Daniel Sarewitz speaking at a conference in Brussels, September 2016. Photo © European Commission.

I spoke with Daniel Sarewitz, Professor of Science and Society at Arizona State University, about post-normal science and what uncertainty means for scientists working to provide advice to policy-makers. This interview took place on the sidelines of the 2nd conference on science advice to governments in Brussels, Belgium, 28–29 September 2016.

The debate about post-normal science starts with an observation: that we live in a world where facts aren’t certain, stakes for decisions are high, and those decisions are urgent. What does that mean for science, and what does that mean if science wants to inform policy-making?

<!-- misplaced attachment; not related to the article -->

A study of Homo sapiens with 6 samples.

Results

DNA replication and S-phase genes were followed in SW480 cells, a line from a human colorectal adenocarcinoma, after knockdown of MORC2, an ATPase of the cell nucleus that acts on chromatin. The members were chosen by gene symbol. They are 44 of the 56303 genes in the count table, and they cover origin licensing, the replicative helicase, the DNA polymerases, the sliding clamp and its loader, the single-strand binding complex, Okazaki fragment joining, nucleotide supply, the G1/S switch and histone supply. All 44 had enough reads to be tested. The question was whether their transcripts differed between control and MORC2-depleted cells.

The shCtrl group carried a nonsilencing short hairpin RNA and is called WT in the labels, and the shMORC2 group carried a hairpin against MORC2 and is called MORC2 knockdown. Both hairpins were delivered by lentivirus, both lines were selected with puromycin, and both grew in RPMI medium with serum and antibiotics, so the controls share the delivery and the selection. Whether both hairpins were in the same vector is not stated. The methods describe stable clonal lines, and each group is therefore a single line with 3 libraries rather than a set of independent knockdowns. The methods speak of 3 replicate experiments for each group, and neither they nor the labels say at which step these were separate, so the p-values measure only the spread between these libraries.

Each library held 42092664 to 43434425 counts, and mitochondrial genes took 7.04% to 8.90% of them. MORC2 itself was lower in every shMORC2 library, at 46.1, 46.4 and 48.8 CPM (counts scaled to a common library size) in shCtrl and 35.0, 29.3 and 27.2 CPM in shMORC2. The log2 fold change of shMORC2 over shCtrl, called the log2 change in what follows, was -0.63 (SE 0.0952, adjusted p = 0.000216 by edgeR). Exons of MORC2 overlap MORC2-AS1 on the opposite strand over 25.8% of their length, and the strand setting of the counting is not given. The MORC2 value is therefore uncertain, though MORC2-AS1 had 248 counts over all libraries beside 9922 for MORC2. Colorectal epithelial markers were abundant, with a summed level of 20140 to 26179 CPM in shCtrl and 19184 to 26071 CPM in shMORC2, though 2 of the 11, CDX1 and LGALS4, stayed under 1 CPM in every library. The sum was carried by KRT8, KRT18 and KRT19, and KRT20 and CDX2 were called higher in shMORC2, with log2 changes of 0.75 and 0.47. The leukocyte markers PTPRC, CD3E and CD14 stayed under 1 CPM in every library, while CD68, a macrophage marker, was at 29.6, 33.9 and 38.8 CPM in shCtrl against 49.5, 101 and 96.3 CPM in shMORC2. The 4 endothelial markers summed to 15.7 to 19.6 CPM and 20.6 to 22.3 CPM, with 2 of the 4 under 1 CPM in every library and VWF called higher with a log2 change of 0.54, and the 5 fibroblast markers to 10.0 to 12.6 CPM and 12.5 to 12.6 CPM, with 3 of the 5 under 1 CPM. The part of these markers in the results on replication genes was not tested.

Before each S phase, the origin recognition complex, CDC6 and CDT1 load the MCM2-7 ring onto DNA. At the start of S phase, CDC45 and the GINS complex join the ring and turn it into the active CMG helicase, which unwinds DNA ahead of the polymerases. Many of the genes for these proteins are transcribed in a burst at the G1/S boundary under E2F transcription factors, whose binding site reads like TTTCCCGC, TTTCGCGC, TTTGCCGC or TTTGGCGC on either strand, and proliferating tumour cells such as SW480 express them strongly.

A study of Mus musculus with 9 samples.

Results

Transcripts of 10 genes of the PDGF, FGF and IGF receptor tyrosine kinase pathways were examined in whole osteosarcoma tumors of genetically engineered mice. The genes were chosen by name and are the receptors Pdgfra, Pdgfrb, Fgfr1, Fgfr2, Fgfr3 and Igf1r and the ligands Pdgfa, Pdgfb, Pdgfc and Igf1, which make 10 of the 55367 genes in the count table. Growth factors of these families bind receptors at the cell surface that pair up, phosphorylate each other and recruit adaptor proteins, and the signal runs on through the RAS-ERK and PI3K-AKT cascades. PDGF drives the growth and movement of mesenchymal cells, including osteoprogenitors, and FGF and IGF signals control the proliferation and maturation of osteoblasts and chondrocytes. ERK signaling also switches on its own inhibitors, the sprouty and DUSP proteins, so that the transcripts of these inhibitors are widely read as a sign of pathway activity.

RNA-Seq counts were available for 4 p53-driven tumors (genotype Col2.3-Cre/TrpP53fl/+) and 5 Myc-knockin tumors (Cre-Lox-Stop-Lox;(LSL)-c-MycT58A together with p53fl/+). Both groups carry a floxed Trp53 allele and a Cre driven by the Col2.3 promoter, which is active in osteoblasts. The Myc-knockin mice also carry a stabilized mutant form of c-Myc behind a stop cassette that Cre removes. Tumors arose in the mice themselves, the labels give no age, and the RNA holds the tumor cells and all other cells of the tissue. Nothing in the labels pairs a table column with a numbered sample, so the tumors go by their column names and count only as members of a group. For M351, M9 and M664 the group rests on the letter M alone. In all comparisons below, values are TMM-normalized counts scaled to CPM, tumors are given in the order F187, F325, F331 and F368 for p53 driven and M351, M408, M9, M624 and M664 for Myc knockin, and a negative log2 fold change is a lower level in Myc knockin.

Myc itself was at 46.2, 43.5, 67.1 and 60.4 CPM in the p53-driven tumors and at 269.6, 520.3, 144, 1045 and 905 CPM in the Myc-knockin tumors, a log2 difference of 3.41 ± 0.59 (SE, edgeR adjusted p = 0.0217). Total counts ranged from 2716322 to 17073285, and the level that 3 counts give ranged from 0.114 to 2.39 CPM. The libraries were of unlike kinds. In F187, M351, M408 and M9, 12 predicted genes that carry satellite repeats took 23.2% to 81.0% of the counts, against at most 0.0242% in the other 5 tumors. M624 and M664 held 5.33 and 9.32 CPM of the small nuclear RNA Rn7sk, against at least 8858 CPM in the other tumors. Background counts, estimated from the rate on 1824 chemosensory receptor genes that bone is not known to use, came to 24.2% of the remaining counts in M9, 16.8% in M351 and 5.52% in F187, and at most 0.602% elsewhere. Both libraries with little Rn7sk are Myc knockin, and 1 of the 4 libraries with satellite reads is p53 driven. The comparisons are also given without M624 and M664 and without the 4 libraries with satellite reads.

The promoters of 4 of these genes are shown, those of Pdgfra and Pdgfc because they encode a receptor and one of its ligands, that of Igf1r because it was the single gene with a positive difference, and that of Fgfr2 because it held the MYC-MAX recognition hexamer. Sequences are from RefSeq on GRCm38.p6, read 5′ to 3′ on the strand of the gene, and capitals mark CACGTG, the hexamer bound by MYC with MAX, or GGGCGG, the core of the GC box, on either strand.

Sarewitz: Whatever science…

Jan Gehl.

We caught up with Jan Gehl, the world-renowned Danish architect and advocate for livable cities at the Habitat 3 Regional Meeting in Prague, where he gave a keynote presentation. Gehl has pushed for a long time for the creation of cities that are more livable, sustainable & healthier, planned with people in mind.

People today are asking about creating more sustainable cities, more livable cities, healthier cities. Clearly, something in our cities has gone wrong. Could you tell us what happened in the second half of the 20th century?

Jan Gehl: We’ve had two very dominating paradigms in city planning…

Johannes Mengel

Strategic policy communications at the German Academy of Sciences. Strong believer that bringing about meaningful change will require decent typography.